As the government moves to reach out to practitioners of traditional occupations with financial help, the bakers owing allegiance to both the associations have complained of indifference from the authorities to their problems. All Goa Bakers and Confectioners Association has said they get the feeling of being children of a stepmother as there is no policy to protect and support them and their demands have been ignored for the past 20 months. What the bakers want is a law to protect the traditional practitioners from the outsiders who have ventured into the business, and a scheme to boost them.
In their demands they are not off the mark. There is a recommendation that pao, being a ‘heritage’ item should be patronised by the government by offering bakers a 50 per cent subsidy. It is perhaps time that the government does this. The business is facing high costs of raw materials, shortage of skilled labourers, high salaries, commissions, costly fire wood. The demands that the bakers have are many, they may not all be met, but there has to be a start made, for while the bakers are getting hit by the rising costs of raw materials, the increase in the price of bread will hit the common man, especially those from the lower income group for whom a rupee is a big amount.
Two years ago, Herald had predicted that in the years ahead a single loaf of pao would cost Rs 5. Prices of all the ingredients that go into the making of bread have increased, so it was but a natural corollary that so too would the price of bread. The local baker is paying more for flour, firewood, labour and has to recover these costs before making a profit to stay afloat. And he has been paying this increased amount for quite a while. Two years ago there had been a similar hike announced, but of the two associations of bakers one had detached itself from the decision and the decision was later withdrawn on the assurance of the Leader of the Opposition arranging a meeting between the bakers and the Chief Minister.
It is a fact that the bakers of Goa have been ignored by successive governments and their demands have remained pending. With elections just months away, is perhaps the best time to raise the issues and get some assurances. See how fast the government caved in to the taxi operators on the digital meters issue? But, on the other hand perhaps the bakers do not constitute a really big vote bank so their issues can be kept unattended. Remember when the bakers had sought to increase the price of a loaf of bread from Rs 3 to Rs 4, the then government had promised to pay them the additional rupee and convinced them to maintain the price. That promise, however, was not kept and the bakers had no choice but to raise the price.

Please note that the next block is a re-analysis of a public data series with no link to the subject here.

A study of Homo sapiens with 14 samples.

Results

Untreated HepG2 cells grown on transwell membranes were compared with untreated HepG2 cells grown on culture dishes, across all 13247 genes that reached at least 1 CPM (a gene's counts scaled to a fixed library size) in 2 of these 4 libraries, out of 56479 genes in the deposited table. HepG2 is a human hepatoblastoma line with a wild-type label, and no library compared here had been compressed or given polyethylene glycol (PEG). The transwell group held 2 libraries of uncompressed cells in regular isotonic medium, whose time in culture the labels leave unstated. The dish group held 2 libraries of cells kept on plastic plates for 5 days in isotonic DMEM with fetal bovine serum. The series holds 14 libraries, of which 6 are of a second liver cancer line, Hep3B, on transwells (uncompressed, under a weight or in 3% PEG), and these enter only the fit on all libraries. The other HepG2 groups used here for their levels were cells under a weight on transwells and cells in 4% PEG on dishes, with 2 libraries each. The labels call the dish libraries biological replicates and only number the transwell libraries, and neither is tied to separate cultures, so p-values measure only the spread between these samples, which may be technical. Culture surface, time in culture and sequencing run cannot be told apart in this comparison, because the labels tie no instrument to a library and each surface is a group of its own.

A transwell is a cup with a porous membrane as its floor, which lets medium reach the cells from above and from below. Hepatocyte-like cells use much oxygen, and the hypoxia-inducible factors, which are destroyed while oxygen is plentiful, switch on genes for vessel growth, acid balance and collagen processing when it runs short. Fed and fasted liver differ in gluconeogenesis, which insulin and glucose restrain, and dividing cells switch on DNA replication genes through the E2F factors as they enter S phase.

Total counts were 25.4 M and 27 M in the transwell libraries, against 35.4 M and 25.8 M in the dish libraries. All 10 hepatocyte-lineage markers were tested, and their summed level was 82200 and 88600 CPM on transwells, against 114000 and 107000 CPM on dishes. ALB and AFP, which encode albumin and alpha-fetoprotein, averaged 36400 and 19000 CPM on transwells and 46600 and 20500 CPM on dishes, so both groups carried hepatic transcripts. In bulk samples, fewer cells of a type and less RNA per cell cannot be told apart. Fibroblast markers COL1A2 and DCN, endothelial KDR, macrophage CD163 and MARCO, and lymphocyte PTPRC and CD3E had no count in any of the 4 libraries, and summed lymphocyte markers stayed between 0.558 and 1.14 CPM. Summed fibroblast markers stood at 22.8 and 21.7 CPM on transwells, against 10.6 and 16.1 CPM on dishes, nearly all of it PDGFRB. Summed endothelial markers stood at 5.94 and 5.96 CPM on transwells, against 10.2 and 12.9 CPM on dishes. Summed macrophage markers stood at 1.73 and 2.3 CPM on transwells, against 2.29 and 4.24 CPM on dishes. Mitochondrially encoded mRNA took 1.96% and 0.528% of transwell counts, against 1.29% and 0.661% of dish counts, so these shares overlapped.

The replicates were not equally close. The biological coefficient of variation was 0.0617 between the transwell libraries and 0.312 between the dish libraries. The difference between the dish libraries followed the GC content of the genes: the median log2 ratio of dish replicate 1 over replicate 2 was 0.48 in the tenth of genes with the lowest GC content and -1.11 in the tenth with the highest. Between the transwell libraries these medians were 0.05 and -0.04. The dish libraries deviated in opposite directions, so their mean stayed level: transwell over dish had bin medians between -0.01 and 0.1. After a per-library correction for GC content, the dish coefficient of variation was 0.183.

Goa’s pao is famed across the country, but the quality of the bread sold varies from baker to baker. There is no standardisation in the business. As technology improves, the bakers have to bring in quality control of their products so that the bread that is sold in Pernem and that sold in Canacona and in all the places between these two, tastes the same. In a competitive world, standardisation and quality are very important. People will not mind paying the extra rupee if the quality of the bread improves and remains stable. Competition among bakers is good, but the two bakers’ associations should also find common ground and settle all their differences, if they expect the government to meet their demands. Strength comes from unity, the bakers must remember this.